Steve’s next, perhaps final, installment, responding to Dan’s latest post on the appropriate liability rule for loyalty discounts. Other posts in the series: Steve, Dan, Steve, Dan, and Thom.
My invitation comes with several hopefully final observations.
(1) Dan says, “There’s neither input foreclose nor output foreclosure if a rival can neutralize a loyalty discount without pricing unprofitably.” My examples showed several reasons why an equally efficient rival may not be able to overcome a loyalty discount to get distribution, even if the monopolist does not violate the price-cost test. Dan’s response to my #3(a) example is that “a discount structure that would require the entrant to pay rebates of $71 even while earning revenues of $70, then the rebate system would fail the price-cost screen.” That is not a good answer for three reasons. First, the monopolist’s profits pre-entry absent the rebate are $200, and Dan uses the pre-entry situation as the base. Second, the $71 payment would fail a test of comparing the rival’s price and cost, but that it is not the test. The test compares the monopolist’s price and cost. Third, if Dan now wants to use as the base the “but-for world” where the former-monopolist would earn only $70 because he would have lowered price in response to the entrant absent the loyalty discount, then he is accepting the “penalty price” scenario, which he elsewhere rejected as unlikely. So, Dan has to make up his mind on this last point. And the price-cost test is defective either way.
(2) Dan says, “Steve posits ‘that economic analysis is the same’ for loyalty discounts and contractual commitments not to buy from rivals. Really?” The short answer is “Yes.” As Dan observes himself, “at a high level of generality one would say that in both cases the question is whether the price or contract forecloses competitors.” By the way, a small rebate certainly will not always exclude. But, see #3(b) in my previous post, which is a pretty general example of why the rival often would just give up rather than get involved in a bidding war for distribution. Dan never explain what he thinks is wrong with this example.
(3) Dan says, “Steve presents four examples of how an auction for contractual exclusivity results in a single firm obtaining contractual exclusivity with anticompetitive effects due to asymmetry of incentives, all of which begs the question of how loyalty discounts without contractual exclusivity achieve the same effect.” I assumed no contract. Nor is a formal auction required. The monopolist simply can unilaterally offer a high enough bid that the entrant walks away. And in the #3(b) example, the unilateral bid does not even need to be very high.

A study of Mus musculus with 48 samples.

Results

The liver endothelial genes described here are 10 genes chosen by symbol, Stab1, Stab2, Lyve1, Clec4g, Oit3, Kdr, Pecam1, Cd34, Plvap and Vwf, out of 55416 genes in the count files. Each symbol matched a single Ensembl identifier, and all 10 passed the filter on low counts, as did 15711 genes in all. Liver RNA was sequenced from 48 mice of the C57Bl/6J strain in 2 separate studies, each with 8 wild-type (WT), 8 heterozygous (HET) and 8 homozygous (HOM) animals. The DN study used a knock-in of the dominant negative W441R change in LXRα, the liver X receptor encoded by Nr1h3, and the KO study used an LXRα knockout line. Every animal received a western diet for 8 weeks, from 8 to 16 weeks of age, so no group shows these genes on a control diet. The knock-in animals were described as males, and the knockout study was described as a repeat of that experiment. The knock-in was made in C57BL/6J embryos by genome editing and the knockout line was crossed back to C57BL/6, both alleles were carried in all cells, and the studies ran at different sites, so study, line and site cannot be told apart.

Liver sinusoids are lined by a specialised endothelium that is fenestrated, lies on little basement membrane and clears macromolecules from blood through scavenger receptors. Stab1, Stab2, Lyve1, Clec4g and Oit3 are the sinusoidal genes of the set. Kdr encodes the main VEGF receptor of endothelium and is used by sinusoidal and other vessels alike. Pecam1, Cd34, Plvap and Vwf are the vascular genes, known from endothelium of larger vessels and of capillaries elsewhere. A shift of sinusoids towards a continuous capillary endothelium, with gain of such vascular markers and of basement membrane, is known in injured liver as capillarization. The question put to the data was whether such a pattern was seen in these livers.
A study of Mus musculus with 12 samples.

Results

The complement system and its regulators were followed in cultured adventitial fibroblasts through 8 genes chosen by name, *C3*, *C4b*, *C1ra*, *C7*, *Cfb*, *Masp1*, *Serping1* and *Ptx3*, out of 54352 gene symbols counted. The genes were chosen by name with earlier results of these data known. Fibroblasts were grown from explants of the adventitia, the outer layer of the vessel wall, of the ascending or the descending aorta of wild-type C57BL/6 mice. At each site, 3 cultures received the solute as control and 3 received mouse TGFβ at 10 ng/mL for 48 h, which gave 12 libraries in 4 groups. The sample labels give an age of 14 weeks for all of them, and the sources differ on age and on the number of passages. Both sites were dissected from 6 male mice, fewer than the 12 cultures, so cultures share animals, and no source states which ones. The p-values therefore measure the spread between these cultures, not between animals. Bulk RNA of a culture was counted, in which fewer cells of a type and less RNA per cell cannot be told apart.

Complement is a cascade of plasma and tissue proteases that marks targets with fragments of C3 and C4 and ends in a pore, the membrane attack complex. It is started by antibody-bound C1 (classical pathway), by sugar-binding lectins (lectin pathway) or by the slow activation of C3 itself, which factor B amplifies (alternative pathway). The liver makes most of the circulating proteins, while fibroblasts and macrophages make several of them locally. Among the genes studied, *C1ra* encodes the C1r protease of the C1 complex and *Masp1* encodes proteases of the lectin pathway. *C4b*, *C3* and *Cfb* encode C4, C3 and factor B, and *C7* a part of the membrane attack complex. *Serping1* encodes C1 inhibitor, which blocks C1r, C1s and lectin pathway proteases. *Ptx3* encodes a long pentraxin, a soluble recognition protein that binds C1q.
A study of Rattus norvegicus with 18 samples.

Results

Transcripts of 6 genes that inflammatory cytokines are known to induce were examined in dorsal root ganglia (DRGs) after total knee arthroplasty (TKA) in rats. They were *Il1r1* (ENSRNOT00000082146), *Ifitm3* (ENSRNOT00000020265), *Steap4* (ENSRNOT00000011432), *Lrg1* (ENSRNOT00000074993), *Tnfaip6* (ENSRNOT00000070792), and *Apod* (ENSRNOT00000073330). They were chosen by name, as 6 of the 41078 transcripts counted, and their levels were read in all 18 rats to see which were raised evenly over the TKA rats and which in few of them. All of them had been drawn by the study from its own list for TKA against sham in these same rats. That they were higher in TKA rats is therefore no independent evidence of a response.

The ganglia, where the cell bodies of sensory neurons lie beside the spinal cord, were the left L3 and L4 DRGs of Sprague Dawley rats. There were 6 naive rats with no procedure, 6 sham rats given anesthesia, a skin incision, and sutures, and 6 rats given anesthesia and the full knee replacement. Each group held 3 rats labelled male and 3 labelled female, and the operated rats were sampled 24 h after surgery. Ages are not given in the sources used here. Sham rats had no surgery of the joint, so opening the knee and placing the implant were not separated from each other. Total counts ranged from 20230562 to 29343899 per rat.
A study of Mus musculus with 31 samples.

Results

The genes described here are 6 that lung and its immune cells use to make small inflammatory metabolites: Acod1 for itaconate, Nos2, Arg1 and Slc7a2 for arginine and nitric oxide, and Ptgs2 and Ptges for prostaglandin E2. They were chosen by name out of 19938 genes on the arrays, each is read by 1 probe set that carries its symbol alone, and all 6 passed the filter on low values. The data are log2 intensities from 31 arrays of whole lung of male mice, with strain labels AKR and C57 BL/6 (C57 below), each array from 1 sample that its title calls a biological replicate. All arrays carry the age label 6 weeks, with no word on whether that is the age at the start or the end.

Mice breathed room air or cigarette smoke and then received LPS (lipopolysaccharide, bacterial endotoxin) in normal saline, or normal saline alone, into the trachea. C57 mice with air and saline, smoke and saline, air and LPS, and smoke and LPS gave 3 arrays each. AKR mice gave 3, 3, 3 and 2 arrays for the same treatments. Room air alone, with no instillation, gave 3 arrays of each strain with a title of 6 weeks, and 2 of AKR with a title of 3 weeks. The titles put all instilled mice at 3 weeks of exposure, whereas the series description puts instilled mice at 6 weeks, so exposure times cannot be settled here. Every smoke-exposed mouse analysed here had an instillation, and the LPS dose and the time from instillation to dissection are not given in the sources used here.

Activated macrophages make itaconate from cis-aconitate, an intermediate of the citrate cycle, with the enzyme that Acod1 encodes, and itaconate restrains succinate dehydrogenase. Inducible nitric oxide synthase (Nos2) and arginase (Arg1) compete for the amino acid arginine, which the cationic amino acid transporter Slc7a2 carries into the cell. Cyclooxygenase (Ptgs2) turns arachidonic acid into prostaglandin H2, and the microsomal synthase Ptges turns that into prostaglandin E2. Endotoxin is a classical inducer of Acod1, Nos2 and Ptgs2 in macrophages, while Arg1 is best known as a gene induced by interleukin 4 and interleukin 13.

(4) Dan says, “The monopolist is not saved from profit sacrifice, as Steve posits, merely by threatening a price of $105 that it never has to charge.” Why not? The monopolist never sells any units at $105 when the threat succeeds. And, given Dan’s model, it will succeed against an equally efficient competitor. With adequate information, it is neither expensive nor risky. If Dan is going to rely on it being “expensive and risky,” then he is changing his story. More importantly, he also is opining it should be permissible for a well-informed monopolist to exclude with penalty pricing threats because poorly informed monopolists may not follow the same strategy. That does not make sense. He also does not provide any evidence about how well informed most monopolists who engage in loyalty discounts typically are.
(5) Dan says, “Finally, let me underline as I did in my last post that I’m not claiming that “penalty pricing” is economically impossible. Rather, …we should therefore not assume that it will be routinely deployed, and that the starting presumption should be that most loyalty discounts are true reductions from the but-for price.” I do not have to assume penalties will be “routinely deployed.” It was only one of my several fatal problems with the price-cost test. But, in terms of the evidence, what is the evidence that the typical loyalty discount by a monopolist or firm with substantial market power are true reductions from the but-for price. Reliable presumptions need to be more than simply reflections of one’s ideology.
(6) I want to conclude by observing that modern day courts do not need the defective price-cost test to protect monopolists. Remember that the rival must prove consumer injury. That is a high burden to carry and some of the factors Dan mentions might throw light on that bottom line issue. Neither Josh nor I are claiming that loyalty discounts should be per se illegal. So, Dan, come on over to the rule of reason.